Dr. Alexander Outkin is a principal member of technical staff at the Sandia National Laboratories. He has done original work in game-theoretic, mathematical and agent-based modeling in cyber security, moving target defense, financial markets, energy and economics. Alexander studied theoretical physics at Moscow State University and the Russian Academy of Sciences before receiving his PhD in economics with a specialization in game theory from Virginia Tech. He has worked as a technical staff member at Los Alamos National Laboratory. His earlier work in agent-based and microstructure modeling of the NASDAQ stock market and of the individual market-making strategies resulted in successfully predicting fundamental changes to the market structure and strategies ahead of decimalization, as well as in a book written with Vince Darley, titled A NASDAQ Market Simulation: Insights on a Major Market from the Science of Complex Adaptive Systems, published by World Scientific Publishing in 2007.
Project: Algorithm Development for a Maximally Stable, Time-Dependent Graph Layout
Develop foundations for understanding, layout and display of time-dependent graphs. Preserve or develop the ability to understand the graph and the changes to it across the timeline. Take into account discontinuous graph structure or node or edge changes.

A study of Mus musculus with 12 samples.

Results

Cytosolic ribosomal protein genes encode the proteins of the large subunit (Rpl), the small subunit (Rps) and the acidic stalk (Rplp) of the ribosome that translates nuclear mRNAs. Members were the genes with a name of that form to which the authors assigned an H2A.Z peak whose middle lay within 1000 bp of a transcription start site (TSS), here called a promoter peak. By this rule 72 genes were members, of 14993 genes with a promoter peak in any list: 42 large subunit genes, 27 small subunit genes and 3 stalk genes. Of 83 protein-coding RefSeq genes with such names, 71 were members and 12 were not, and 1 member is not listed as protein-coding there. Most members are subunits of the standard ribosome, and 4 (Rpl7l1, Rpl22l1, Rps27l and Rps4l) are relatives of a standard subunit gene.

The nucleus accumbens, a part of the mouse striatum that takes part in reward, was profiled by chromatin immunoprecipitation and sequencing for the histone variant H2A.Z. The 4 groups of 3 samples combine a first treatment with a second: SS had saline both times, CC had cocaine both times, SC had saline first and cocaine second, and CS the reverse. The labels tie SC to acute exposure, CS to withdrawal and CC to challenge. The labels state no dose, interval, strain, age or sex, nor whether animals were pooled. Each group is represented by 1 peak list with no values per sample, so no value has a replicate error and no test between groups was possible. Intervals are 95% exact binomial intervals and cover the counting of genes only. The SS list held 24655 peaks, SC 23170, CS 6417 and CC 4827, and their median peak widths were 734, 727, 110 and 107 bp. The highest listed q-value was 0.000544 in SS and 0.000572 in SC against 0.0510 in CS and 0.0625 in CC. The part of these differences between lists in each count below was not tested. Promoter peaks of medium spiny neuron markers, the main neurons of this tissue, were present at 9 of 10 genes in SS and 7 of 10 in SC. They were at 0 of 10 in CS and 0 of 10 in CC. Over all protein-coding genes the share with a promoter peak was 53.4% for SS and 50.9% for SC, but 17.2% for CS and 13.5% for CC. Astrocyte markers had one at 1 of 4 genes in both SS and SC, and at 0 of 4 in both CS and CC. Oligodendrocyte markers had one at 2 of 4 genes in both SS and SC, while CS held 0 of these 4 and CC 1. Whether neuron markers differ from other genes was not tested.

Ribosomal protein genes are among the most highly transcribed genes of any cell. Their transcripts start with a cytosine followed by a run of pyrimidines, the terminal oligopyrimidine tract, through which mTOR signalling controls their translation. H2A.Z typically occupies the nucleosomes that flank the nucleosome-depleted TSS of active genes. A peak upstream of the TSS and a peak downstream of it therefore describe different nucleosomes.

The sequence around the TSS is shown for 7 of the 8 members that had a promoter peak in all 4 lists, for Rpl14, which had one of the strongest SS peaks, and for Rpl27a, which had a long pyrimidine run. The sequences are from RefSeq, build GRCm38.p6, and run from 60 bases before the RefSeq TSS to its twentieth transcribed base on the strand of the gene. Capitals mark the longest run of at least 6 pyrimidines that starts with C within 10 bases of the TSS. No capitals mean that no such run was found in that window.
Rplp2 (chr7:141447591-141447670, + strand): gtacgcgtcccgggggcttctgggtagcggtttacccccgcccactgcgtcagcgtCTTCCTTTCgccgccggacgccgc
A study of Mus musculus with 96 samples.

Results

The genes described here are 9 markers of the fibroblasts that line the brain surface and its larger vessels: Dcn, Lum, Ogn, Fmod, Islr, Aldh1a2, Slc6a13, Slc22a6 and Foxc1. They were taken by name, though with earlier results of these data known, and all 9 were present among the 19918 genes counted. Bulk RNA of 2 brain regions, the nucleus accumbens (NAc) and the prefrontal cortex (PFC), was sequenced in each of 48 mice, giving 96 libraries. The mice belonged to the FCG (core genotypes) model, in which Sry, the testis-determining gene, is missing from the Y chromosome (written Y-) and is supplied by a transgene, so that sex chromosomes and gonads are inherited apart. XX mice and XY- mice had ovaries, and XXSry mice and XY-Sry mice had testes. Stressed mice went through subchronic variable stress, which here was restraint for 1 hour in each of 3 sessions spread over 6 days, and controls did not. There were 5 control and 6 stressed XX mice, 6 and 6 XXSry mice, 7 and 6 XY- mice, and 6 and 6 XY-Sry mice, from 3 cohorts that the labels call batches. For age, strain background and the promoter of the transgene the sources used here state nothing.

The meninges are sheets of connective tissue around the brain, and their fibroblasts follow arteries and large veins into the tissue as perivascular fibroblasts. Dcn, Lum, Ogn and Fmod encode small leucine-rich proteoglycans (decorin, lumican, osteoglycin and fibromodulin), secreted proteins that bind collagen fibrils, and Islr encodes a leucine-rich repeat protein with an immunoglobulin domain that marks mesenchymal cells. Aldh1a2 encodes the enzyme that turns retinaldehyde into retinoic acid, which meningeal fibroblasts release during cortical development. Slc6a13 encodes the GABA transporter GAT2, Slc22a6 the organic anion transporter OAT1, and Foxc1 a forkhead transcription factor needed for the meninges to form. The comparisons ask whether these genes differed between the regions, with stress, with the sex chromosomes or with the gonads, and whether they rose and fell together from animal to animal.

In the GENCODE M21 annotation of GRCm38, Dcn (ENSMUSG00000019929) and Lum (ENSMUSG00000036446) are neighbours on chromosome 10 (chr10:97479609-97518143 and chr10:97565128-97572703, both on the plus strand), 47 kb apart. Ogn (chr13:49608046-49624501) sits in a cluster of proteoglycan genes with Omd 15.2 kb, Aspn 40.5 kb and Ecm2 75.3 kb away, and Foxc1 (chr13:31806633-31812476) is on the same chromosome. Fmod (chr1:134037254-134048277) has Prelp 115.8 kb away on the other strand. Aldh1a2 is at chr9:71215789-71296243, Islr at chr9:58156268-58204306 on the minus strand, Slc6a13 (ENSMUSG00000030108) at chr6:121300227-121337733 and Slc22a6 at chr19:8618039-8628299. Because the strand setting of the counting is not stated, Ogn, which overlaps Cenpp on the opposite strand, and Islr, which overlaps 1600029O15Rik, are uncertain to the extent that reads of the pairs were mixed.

Main Results in Detail
- 1. Developed a prototype algorithm for 3D representation of time-dependent graphs evolving according to a rule from A New Kind of Science (Wolfram, 2002, p. 513).
- 2. Developed a general maximally stable, time-dependent graph layout problem and algorithm outline for graphs with different evolution rules reflecting different science or application areas. A standard 2D layout is limited in how much it helps understanding the changes, in particular across different graph iterations. The following operations were performed to enable informative 3D display: transform vertex coordinates based on vertex relative position in an individual graph and the evolving graphs timeline, center the graphs, create edges between ancestor and successor nodes and restore coordinates.
- 1. Improve 3D graph “untangling.”
- 2. Incorporate the evolution rules explicitly into the 2D and 3D generation and display.
- 3. Enable context-specific aggregation and disaggregation.
- 4. Enable virtual reality display.
- 5. Represent history and future changes in extended-form games.